Star Wars is not a British movie, says Lionsgate UK boss, who is concerned about Brexit impact and blockbuster saturation.
The British independent film sector needs more help from public and private investors, Lionsgate UK & Europe CEO Zygi Kamasa has said in an interview today [Mar 24].
Speaking on BBC radio, the La La Land distributor, known for backing successful UK films including Saoirse Ronan drama Brooklyn and Noel Clarke’s Brotherhood, renewed calls first made to Screen for adjustments to the UK tax credit and cinema ticket prices to favour British films.
“There are ways the government can look at improving and enhancing investment in British productions,” he said.
“I’m not sure the one size fits all tax credit is the best system. Culturally it is very important that British independent films are helped in a greater way. That extra revenue [from a revised tax credit] could help it.”
“The tax credit is great. I wouldn’t want to deter film companies like Disney from bringing Star Wars here. That is a boost for the UK industry. But those are not ostensibly British movies. Films with British stories, directors, writers are the films that need to be better supported.”
Currently, all British qualifying films of any budget can claim a payable cash rebate of up to 25% of UK expenditure.
Spend on UK local productions was $257m (£205m) in 2016, the lowest in three years. The number of UK films also declined.
Brexit, ticket prices
Kamasa also pointed to Brexit, blockbuster monopolisation and changing viewing habits as serious threats to the indigenous business.
“The British independent film sector is under a lot of pressure for a number of reasons,” he pointed out.
“Brexit could potentially have a big impact on British independent film. We have a lot of European co-production money that comes into our movies, we have a lot of movies shot across Europe, there are a lot of UK and European workers working on UK films, so there is a concern about the impact.”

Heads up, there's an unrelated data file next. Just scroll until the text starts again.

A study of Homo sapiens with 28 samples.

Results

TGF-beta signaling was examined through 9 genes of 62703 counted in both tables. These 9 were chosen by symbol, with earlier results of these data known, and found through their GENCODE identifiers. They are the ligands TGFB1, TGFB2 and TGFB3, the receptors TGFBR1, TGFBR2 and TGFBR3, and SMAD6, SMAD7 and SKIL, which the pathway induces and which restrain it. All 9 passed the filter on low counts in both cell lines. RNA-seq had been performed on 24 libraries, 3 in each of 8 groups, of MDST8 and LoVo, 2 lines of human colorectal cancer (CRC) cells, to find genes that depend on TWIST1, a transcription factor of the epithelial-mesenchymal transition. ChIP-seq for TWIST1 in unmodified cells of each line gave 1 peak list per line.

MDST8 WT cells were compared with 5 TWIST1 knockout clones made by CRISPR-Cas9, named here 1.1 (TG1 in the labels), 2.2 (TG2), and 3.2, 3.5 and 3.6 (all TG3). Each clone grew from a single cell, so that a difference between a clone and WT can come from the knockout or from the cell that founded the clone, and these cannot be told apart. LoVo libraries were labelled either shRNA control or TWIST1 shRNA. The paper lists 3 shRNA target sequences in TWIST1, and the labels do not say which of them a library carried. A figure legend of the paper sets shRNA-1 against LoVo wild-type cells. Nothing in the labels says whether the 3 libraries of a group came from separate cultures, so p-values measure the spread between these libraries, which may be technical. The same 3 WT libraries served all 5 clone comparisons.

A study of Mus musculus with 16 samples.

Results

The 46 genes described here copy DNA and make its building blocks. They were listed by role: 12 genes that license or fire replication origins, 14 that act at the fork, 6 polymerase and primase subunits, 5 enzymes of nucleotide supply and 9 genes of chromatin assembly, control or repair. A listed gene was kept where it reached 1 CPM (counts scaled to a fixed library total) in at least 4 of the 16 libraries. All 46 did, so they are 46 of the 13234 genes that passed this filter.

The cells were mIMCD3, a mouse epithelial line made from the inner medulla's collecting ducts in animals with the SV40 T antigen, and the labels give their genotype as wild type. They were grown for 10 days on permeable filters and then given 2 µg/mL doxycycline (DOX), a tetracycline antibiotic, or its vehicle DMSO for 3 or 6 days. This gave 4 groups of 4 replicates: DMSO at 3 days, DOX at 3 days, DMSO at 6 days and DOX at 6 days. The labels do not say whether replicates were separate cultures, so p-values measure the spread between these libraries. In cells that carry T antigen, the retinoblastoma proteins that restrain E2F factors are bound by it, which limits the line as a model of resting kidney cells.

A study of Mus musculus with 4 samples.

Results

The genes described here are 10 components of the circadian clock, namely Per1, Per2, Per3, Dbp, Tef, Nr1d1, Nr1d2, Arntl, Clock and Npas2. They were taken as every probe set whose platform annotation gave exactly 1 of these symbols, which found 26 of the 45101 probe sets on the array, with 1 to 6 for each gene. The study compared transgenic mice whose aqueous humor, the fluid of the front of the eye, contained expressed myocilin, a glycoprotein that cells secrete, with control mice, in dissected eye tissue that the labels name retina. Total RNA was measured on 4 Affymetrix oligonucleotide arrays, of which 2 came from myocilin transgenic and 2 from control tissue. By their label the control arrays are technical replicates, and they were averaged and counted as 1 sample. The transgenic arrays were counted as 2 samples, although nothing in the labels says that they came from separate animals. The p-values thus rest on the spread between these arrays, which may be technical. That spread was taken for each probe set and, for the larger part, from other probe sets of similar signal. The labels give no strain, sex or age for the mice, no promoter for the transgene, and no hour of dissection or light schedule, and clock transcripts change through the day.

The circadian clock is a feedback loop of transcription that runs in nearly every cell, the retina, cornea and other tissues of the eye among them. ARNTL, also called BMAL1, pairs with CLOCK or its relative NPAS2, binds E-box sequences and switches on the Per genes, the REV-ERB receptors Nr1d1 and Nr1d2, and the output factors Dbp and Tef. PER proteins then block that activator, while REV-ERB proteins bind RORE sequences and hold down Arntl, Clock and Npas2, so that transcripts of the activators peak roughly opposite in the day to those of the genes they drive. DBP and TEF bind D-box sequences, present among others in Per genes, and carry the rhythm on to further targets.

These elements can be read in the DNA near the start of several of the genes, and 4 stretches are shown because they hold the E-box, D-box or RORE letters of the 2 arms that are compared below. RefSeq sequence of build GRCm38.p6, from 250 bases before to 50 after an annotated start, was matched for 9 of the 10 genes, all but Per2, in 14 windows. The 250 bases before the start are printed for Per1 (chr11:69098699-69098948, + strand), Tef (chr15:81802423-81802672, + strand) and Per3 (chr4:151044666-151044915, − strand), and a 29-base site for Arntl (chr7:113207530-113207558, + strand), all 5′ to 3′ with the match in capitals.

“There’s also a big pressure [on British film] from the changing habits of consumers. People go to cinemas less to see those small films than they do the blockbusters. Companies like ours, but also the government and the BFI, have to look at how to keep that sector alive.”
“Consumers want value for money. British independent film needs a lower [ticket] price point, blockbusters need a higher price point. Cinema is quite expensive compared to the viewing options at home.”
The market share for local independent films at the box office in 2016 was only 7%, which is below the 10-year average and far below the market share for national films in most other major international markets. Meanwhile, inward investment spend continued to boom.
Lionsgate’s slate of UK films this year includes Saoirse Ronan drama On Chesil Beach, Gloria Grahame biopic Film Stars Don’t Die In Liverpool, Brian Cox-starring Churchill, and Rupert Everett’s directorial debut The Happy Prince.
The company is also currently in production on the Leonardo DiCaprio-produced reimagining of Robin Hood, starring Taron Egerton, Jamie Dornan, Jamie Foxx and Eve Hewson. The US-backed production is shooting in the UK and Hungary.